Right now, the attention of Bulldog Nation is scattered among several people. We all are wondering whether Stacy Searels is going to Auburn and whether Matthew Stafford and Knowshon Rockwell Moreno are headed for the N.F.L. We’re all glad Jeff Owens is returning and we’re all looking forward to at least another couple of years of A.J. Green. We all have our opinions of Mike Bobo and Willie Martinez, and whether their continued employment in their present positions is what’s best for the Red and Black.
Lost in all of this, though, is the fact that, while New Year’s Day 2009 may be---likely is---the last time Stafford and Moreno will take the field for Georgia, January 1 will be the last time another prominent Bulldog on the offensive side of the ball dons the silver britches.
I am speaking, of course, of Mohamed Massaquoi.
Perhaps because the ‘Dawgs ran the ball so much and so well for so long, we as a fan base have tended to be a tad tough on our receivers. Georgia receivers are a lot like presidents of the United States . . . since the late ‘80s, almost none of either have left their posts as popular as when they arrived.
Oh, we’ve been fond of any number of tight ends along the way; who among us didn’t love Troy Sadowski, Randy McMichael, or Leonard Pope? We have, however, been harsh towards the guys split wide ever since the Classic City Canines got serious about this whole "forward pass" business.
Andre Hastings was overshadowed by Eric Zeier and Garrison Hearst. Michael Greer caught everything thrown his way until his career went up in smoke. Hason Graham, Brice Hunter, Juan Daniels, Fred Gibson, Reggie Brown, Bryan McClendon, Sean Bailey, and A.J. Bryant all tend to be remembered more for that portion of their potential which went unfulfilled than for the percentage that they realized.
While we revere Lindsay Scott for a third down catch against Florida, all we recall about all-time leading receiver Terrence Edwards is a third down drop against the Gators. Unless a fellow was a Hines Ward who did double duty under center when desperate times called for desperate measures or a Michael Johnson who made 70 X Takeoff this generation’s chair-breaking, property-destroying moment, we tend to think of him less fondly than we should, if we think of him at all.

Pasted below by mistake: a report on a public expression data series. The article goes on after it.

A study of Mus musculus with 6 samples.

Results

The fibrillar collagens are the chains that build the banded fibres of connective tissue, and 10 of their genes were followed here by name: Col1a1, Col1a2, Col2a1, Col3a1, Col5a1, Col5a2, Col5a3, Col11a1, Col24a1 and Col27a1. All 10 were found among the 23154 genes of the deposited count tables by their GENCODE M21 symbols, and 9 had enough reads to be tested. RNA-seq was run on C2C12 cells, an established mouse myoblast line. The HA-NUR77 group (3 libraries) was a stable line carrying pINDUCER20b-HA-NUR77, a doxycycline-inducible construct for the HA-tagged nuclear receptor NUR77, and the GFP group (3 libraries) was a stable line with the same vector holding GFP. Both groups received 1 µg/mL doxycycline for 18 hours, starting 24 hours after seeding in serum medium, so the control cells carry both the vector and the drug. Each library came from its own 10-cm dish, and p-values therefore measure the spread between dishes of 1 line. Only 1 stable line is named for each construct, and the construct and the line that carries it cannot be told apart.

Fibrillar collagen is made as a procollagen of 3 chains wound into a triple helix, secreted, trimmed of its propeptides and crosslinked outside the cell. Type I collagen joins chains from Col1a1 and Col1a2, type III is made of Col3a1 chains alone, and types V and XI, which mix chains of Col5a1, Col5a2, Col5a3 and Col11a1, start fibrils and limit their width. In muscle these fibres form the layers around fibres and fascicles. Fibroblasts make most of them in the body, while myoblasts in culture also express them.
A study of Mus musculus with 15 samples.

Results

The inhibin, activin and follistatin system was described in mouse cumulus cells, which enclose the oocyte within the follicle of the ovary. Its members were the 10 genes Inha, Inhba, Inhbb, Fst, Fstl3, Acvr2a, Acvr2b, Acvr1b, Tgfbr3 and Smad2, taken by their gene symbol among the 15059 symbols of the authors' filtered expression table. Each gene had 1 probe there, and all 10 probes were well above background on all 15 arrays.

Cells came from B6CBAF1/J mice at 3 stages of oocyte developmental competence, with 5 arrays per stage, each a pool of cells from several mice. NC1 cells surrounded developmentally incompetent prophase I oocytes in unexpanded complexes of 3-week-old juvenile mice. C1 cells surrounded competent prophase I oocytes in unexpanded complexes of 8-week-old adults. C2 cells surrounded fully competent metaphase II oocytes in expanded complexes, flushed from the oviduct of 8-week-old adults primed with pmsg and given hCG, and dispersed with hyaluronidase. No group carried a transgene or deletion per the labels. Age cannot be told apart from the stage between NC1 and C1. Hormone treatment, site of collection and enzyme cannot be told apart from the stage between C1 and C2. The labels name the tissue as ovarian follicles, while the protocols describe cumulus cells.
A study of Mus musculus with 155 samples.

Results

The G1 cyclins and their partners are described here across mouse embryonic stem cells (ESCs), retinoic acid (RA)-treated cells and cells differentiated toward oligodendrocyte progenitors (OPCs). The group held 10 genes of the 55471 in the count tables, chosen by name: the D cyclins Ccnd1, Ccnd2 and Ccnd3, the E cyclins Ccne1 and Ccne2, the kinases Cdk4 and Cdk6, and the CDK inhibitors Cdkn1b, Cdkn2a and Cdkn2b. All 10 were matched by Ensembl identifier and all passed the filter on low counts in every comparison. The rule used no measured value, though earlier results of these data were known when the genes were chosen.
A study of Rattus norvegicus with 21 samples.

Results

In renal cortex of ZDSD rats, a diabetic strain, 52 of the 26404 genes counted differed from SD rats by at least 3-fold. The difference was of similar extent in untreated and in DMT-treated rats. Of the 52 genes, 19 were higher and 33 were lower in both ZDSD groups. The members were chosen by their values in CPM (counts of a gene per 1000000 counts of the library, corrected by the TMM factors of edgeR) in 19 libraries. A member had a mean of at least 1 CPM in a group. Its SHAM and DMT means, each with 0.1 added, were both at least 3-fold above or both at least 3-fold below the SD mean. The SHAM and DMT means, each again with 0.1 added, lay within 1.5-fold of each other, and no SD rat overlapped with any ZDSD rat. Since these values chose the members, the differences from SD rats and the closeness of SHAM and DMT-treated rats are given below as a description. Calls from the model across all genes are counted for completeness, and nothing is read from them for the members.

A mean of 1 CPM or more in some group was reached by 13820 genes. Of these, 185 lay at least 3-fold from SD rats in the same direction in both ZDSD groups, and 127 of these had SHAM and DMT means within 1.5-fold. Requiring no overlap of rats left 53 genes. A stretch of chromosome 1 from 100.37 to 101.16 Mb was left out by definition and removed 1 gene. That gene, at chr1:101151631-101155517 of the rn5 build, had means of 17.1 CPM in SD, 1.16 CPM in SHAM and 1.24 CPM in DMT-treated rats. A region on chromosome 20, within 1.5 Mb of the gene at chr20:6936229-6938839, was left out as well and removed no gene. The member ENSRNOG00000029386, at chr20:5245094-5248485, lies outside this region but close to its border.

It is likely, therefore, that Bulldog Nation is eleven days away from consigning Massaquoi forevermore to the scrap heap of Georgia receivers we deem disappointing either because our expectations for them were so high or our faith in the passing game was so low.
We will remember Massaquoi’s sophomore slump, but we will forget that he still led the team in receptions that year. We will conclude that the 2005 offensive newcomer of the year and Sporting News freshman all-America honorable mentionee failed to live up in his last three seasons to the hype he generated in his rookie campaign. We will remember the afternoon he seemed like he couldn’t catch a cold and will pretend that a bad game made the fans justified in cheering when he was taken out of the lineup.
What we won’t remember, because we seldom do---but what we should remember, because he earned it---is that Mohamed Massaquoi caught a pair of passes in his collegiate debut against Boise State, and that he went 23 yards on his first career rush in a win over Tennessee, and that he hauled in half a dozen balls for 108 yards and a touchdown against Auburn, all as a freshman.
We will find a way to overlook six catches and a touchdown in a 15-12 win over Georgia Tech in the year in which he supposedly played so terribly. We will manage to ignore a tackle for a 20-yard loss on a botched punt to set up a touchdown against Oklahoma State. We will, if we try, succeed in forgetting his 84-yard touchdown reception in last year’s win over the Gators, or how he earned the True Grit Award at the end of spring practice and proved he deserved it by playing with all the guts and heart in the world in his last home game against the Yellow Jackets.
While we generally are good fans, we tend to be a little rough on our wide receivers here in Bulldog Nation. Given how much criticism Mohamed Massaquoi has drawn during his collegiate career, I have no doubt that he is but one game away from joining that long line of distinguished split ends and flankers, slot receivers and wideouts, who have passed through Athens and departed underappreciated and sold short.
Let us, however, take a break from speculating about the futures of Coaches Martinez and Searels and of Messrs. Moreno and Stafford. Let us, for now, for once, heap praises upon and be grateful to that tall, lanky kid out of Charlotte, N.C., who, try as he might, can’t resist smiling even at the end of a career that was a great deal more fun to watch than it had to have been to have lived.
For four years, we have had the privilege of seeing this young man usually play well and always play hard for his---our---team. While he had his bad games along the way, he hustled, showed toughness, and persevered. Mohamed Massaquoi was, is, and always will be a damn good ‘Dawg, and he deserves to be told that in terms much more uncertain than we have ever used when communicating that sentiment to him.
Don’t fail to appreciate Mohamed Massaquoi before he’s gone. He has 60 minutes to play and we have a lifetime to remember. We clearly got the better end of that bargain. Thanks for four great years, MoMass.